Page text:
On the other end of the spectrum, I had a painful experience with some builders working on my home. They didn’t show up at the promised time (or the promised day for that matter) and only rang me after the fact to reschedule. Even once the work started, communications were sporadic and often misleading. I don’t expect I’ll be using them for future renovations.
In a society where word-of-mouth is arguably the most effective form of marketing, companies should prioritize giving each customer an experience worthy of sharing for the right reasons.
Every customer interaction breeds a story, and most of us feel inclined to share our experience whether it’s good or bad. In a society where word-of-mouth is arguably the most effective form of marketing, companies should prioritize giving each customer an experience worthy of sharing for the right reasons.
Stories spread just as fast, if not faster, when they are negative. A bad experience is hard to shake, and many of us are more inclined to vent our frustrations when things go wrong. For proof just consider the difficulty many brands have with damage control on social media.
Communication is key. In the case of my lost credit card, what the hotel did extremely well was to alert me of the issue and walk me through each step of the resolution. Customers understand that things don’t always go according to plan, but they do want to be kept posted on the status of their issue until it has been settled.
Armed with a wealth of customer data, these bots can help each shopper with a growing range of requests more quickly and with more relevant
The consistent differentiator among the world’s most successful brands is that they have a loyal customer base, no small feat when you consider the number of options available to consumers today.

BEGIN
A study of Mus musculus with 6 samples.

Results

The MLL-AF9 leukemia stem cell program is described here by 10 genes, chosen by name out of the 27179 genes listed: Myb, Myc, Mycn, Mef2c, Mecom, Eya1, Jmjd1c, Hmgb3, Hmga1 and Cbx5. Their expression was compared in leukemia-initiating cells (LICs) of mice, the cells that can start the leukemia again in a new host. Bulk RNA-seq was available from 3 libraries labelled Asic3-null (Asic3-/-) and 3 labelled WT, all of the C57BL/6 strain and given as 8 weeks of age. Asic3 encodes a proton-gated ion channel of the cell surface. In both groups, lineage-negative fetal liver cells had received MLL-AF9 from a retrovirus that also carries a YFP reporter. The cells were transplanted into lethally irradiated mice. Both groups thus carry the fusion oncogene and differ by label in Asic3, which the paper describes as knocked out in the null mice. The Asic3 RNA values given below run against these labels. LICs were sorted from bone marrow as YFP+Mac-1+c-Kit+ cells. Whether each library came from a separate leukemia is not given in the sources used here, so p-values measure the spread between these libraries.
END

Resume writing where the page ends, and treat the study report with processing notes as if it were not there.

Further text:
How have they done this? Like the global hotel chain I was staying with during my conference, these companies have made a point of ensuring customers walk away with positive experience to share. The simple act of giving each person a personalized service has allowed them to build large networks of advocates who then happily spread the good work on their behalf.
The challenge for growing organizations is to maintain the same standard of service on a larger scale. It is one thing to field a few customer requests per hour, but it’s a whole different animal to provide a high level of personalization and responsiveness for hundreds or thousands of people.
If a sales team isn’t wired to deliver a personalized and proactive service the customer experience it delivers will reflect this shortcoming, no matter how many bells and whistles it has.
Customers want instant feedback. This is the motivation behind virtual assistants, which are designed so shoppers have an instant resource to turn to while navigating a company’s website. Many businesses are already starting to see the benefits of delivering 24/7 sales and service with a more personal touch.
Virtual assistants are now being linked into the company’s data collection and analytics system. Armed with a wealth of customer data, these bots can help each shopper with a growing range of requests more quickly and with more relevant guidance. They can also make accurate predictions about a customers’ future needs and be programmed to upsell products and services based on these.
We are seeing the first iterations of true Artificial Intelligence in the CX space. That said, a poorly programmed virtual assistant can still miss the mark on customer service. If a sales team isn’t wired to deliver a personalized and proactive service the customer experience it delivers will reflect this shortcoming, no matter how many bells and whistles it has. And that would be a sad story indeed.